The surveys originated as a way to gather additional subscriber information, but then evolved into a bigger data tool for the publisher. According to Cheryl Dahlquist, director of database marketing services, “We wanted to collect information that would help us cross-sell subscriptions, so we asked our customers about their interests in core categories Meredith covers.”
Over time, as the company learned how to use the survey data it collected to send more relevant offers, it also learned what other information might enhance that process. “So then we started thinking, ‘Well, when do people get into the mode of creating and decorating?’ When they have a life event, they start cooking or decorating,” Dahlquist explains. As a result, some of the surveys were changed to include questions about subscribers’ plans for their homes; for example, “Are you going to move?” or “Are you going remodel over the next several months?” The surveys help determine the next best offer for a particular group based on areas of interest, she states.
According to Ball, “Our data services analysts help each group using the database to understand what is working, or if there are new enhancements to the database.” Lessons learned from one promotion “clearly spill over into the thinking and planning for other promotions,” he says.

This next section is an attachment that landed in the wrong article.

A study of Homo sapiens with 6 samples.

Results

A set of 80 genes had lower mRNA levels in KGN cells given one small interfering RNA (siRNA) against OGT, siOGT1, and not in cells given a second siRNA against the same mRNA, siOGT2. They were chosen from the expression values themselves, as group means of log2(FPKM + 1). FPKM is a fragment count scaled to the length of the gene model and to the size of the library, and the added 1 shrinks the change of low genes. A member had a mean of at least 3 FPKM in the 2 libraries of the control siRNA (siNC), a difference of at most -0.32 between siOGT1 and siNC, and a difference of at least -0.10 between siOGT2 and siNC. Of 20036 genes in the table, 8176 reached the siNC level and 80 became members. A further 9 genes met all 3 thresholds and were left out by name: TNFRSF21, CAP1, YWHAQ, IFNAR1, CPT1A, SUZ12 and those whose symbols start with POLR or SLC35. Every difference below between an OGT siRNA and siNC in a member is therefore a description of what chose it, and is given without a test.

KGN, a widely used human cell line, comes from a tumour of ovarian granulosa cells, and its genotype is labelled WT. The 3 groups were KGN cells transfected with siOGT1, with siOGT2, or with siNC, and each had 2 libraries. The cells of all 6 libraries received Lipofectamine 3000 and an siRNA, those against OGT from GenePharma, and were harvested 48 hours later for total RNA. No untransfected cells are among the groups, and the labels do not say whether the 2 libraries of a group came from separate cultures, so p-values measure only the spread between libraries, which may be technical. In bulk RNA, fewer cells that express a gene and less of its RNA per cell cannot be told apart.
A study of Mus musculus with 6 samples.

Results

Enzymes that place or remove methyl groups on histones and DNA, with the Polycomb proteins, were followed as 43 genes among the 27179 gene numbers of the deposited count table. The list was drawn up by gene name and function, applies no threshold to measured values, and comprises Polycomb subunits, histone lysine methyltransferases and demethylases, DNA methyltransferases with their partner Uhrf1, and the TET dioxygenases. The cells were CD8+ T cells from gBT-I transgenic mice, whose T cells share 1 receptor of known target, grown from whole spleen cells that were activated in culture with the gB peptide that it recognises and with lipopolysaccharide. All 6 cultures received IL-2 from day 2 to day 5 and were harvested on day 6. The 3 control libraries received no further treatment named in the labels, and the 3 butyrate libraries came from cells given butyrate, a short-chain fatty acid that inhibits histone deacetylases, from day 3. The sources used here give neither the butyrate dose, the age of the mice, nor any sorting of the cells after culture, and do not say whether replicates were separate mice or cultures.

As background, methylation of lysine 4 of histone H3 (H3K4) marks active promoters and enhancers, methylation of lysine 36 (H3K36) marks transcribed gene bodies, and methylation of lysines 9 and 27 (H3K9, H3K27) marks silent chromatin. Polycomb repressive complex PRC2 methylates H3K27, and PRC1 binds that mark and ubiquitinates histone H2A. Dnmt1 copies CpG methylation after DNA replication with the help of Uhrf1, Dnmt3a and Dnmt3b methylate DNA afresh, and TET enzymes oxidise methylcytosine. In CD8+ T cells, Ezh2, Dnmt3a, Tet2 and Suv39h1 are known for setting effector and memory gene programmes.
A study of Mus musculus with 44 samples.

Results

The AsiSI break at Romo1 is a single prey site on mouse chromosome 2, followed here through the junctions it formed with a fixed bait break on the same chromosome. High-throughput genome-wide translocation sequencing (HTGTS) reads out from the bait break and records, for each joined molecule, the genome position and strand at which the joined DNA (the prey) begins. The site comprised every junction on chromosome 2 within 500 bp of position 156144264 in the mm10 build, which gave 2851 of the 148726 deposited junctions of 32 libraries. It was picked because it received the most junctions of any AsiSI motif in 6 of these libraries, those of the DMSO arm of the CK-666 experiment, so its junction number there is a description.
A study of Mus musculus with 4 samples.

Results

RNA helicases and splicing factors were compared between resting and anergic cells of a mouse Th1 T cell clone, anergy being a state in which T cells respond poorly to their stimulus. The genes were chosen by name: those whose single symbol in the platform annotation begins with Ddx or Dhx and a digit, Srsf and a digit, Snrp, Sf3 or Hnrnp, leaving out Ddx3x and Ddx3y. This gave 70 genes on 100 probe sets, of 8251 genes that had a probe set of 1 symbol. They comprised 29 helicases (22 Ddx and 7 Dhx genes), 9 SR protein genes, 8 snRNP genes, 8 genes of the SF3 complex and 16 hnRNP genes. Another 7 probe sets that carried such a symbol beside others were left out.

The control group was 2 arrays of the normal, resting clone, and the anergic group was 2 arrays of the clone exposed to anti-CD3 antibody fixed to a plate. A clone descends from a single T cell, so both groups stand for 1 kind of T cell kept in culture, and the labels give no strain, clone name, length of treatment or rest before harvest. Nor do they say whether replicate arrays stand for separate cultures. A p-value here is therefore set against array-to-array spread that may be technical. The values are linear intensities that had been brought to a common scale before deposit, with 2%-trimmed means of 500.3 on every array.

About 30 percent of subscribers fill out the billing survey, says Dahlquist. If a subscriber does not respond to the initial survey, she continues, most of the time she still pays the bill for the magazine and, thus, receives the survey again with her renewal notice. If the customer does not respond to the survey at all, the company still may promote to her with direct mail or e-mail cross-sell offers.
According to Ball, responding to the survey serves the customer’s best interests, as this basic information allows the company to deliver product messages in a more targeted manner and cut mail volumes. “Sharing information across our products is the best way to [build brands and enhance shareholder value],” he explains. “We don’t want to ‘spam’ people, either offline or online,” he explains.